We had the bike back, and it was running well, but there was still no way we could reasonably expect it to survive the trip back to Austin without further repairs, given how frequently it had broken down so far. It was a difficult decision, but we decided to try to sell the bike in Portland, which we were still determined to make it to. After that, we’d just fly home. Of course, plane tickets are much cheaper if you buy them a bit ahead of time, so we sunk most of the rest of our money into plane tickets home from Portland on the 8th of September, and put an ad up on portland.craigslist for the bike. One problem, I had intentionally not brought the title with me, since I didn’t want to lose it. Obviously, I would need the title in order to sell it.
It was our last morning in Arcata, and I was legitimately sad to be leaving. Our hosts Kobe, Fiona, Chelsea, and Erika had been absolutely amazing, and though we had technically been stuck here, it was probably the part of the trip that was the most like vacation. Hanging out in a sweet house tucked into the Redwoods smoking insane amounts of weed with Gianna and three other hot girls, plus Kobe, who is chill as fuck, is a hard to beat vacation. We packed up the last of our things, smoked some farewell bowls, and rolled off down the road.
We had to stop at a FedEx first. I needed to print the Request for Title Copy form, fill it out, and send it to the DMV in Travis County, Texas. I also had to include an overnight envelope with a return address in Portland so I could get my new title as soon as I got there. It ended up being pretty expensive between printing and two overnight envelopes, but I really needed that title. By buying those plane tickets I had given myself a deadline by which I either had to sell the bike, or be totally broke and screwed when I got back to Austin.
Twenty minutes later we were heading north on the 101, following the coast through the vast Redwood Forest. As we approached the point where the bike had previously died, I got a little nervous, but we roared right past triumphantly. Before too long we passed the Oregon border. As we headed further and further north, the trees began to change, with the redwoods giving way to the temperate rain forest of the Oregon Coast.
Eventually, we came to stop at a rest stop to smoke a bowl and snack a little. As we were leaving, we were approached by two very surly looking park rangers, hands on holster. “Do you have a vehicle here?” demanded one of them.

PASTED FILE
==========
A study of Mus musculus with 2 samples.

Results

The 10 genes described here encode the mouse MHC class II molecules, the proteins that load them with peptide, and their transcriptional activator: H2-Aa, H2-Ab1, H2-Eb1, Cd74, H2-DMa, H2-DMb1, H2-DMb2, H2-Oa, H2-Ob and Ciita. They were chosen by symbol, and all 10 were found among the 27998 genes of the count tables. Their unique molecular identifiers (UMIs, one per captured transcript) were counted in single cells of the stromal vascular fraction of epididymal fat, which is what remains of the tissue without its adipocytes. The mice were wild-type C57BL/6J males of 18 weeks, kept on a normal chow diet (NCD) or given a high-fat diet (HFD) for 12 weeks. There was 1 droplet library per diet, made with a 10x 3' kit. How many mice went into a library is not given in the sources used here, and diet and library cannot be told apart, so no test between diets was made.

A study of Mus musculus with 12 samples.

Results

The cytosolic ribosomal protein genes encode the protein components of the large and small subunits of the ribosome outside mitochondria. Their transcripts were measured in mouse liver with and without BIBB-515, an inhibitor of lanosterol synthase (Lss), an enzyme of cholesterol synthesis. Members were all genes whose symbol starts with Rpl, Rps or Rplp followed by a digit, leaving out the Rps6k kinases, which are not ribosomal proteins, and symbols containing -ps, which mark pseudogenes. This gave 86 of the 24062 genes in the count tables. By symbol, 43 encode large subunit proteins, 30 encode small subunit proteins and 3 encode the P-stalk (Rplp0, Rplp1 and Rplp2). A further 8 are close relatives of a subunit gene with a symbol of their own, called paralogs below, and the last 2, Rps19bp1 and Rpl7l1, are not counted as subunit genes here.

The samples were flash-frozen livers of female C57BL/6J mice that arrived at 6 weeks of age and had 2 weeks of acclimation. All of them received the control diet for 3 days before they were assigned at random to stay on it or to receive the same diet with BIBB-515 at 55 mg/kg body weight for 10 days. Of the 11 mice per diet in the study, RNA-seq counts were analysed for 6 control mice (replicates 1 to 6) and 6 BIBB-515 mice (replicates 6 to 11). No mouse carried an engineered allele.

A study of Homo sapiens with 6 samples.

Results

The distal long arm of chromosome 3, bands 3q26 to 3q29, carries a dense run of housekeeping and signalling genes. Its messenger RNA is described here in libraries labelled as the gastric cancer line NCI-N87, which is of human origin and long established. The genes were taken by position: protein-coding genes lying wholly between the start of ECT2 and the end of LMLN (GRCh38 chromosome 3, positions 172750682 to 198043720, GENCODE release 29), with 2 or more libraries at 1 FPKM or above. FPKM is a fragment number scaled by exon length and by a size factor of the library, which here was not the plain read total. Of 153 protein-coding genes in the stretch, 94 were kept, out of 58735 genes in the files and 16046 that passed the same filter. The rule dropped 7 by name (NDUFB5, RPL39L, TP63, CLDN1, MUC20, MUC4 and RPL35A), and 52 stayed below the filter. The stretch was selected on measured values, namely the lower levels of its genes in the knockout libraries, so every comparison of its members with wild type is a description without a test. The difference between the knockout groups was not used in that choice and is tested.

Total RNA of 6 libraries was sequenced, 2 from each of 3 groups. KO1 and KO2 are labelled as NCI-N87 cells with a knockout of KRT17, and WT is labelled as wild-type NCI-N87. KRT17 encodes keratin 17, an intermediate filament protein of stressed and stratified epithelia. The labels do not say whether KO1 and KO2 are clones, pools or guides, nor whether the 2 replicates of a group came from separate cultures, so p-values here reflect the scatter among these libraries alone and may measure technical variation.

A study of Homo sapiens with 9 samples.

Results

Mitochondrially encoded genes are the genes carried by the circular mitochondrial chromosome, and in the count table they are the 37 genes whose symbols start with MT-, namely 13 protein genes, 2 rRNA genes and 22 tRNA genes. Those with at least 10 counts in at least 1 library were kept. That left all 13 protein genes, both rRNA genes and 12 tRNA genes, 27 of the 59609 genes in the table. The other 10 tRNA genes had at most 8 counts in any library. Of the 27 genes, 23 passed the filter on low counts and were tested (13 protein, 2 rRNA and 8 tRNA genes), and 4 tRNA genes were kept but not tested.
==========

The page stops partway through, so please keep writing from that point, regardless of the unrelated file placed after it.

“Yeah, it’s the motorcycle over there,” I said, gesturing with my helmet to the bike some 30 feet away. I looked down at the motorcycle jacket, riding jeans, and boots I was wearing and wondered how the rangers hadn’t figured this out already. They glanced over at the bike, realized I was indeed holding a motorcycle helmet, and relaxed immediately.
“Sorry, we thought you were somebody else.” she said as they turned to leave. As their little SUV pulled away and out of the rest stop, I had to wonder what all that was about. My guess is they’re trying to discourage hitchhikers from catching rides at rest stops, but at the same time it seems ridiculous that those without cars would be forbidden from using tax payer funded public rest areas. We chalked it up to just an odd occurrence, and set off back down the road.
Before too long we had arrived at Sunset Bay State Park, which beautifully still had camping available. This campground had Yurts, but they all get reserved months ahead of time. We ended up in a nice secluded little tent spot with plenty of trees, and set up camp quickly. By the time we’d finished dinner, a heavy fog had rolled in off the bay, and visibility had been decreased to perhaps 60-70 feet. Still, it wasn’t that late and we decided to head out for a night stroll down to the bay, which as you can probably guess by the name of the park, was very close by. Though I’m sure this walk would have been lovely during the day, it was honestly pretty creepy in the dark and heavy fog. At one point the path took us under a bridge. There was even a place where all we had to navigate by was the sound of the ocean nearby, as our vision was completely obscured by the fog. Appropriately, a fog horn blasted from the distance, adding a further eerie ambiance to the night. We held hands and stared at the bay for half an hour or so before we turned to venture back through the fog. By the time we arrived back at camp, it was pretty late, and everyone was quiet. Sleep came relatively easily.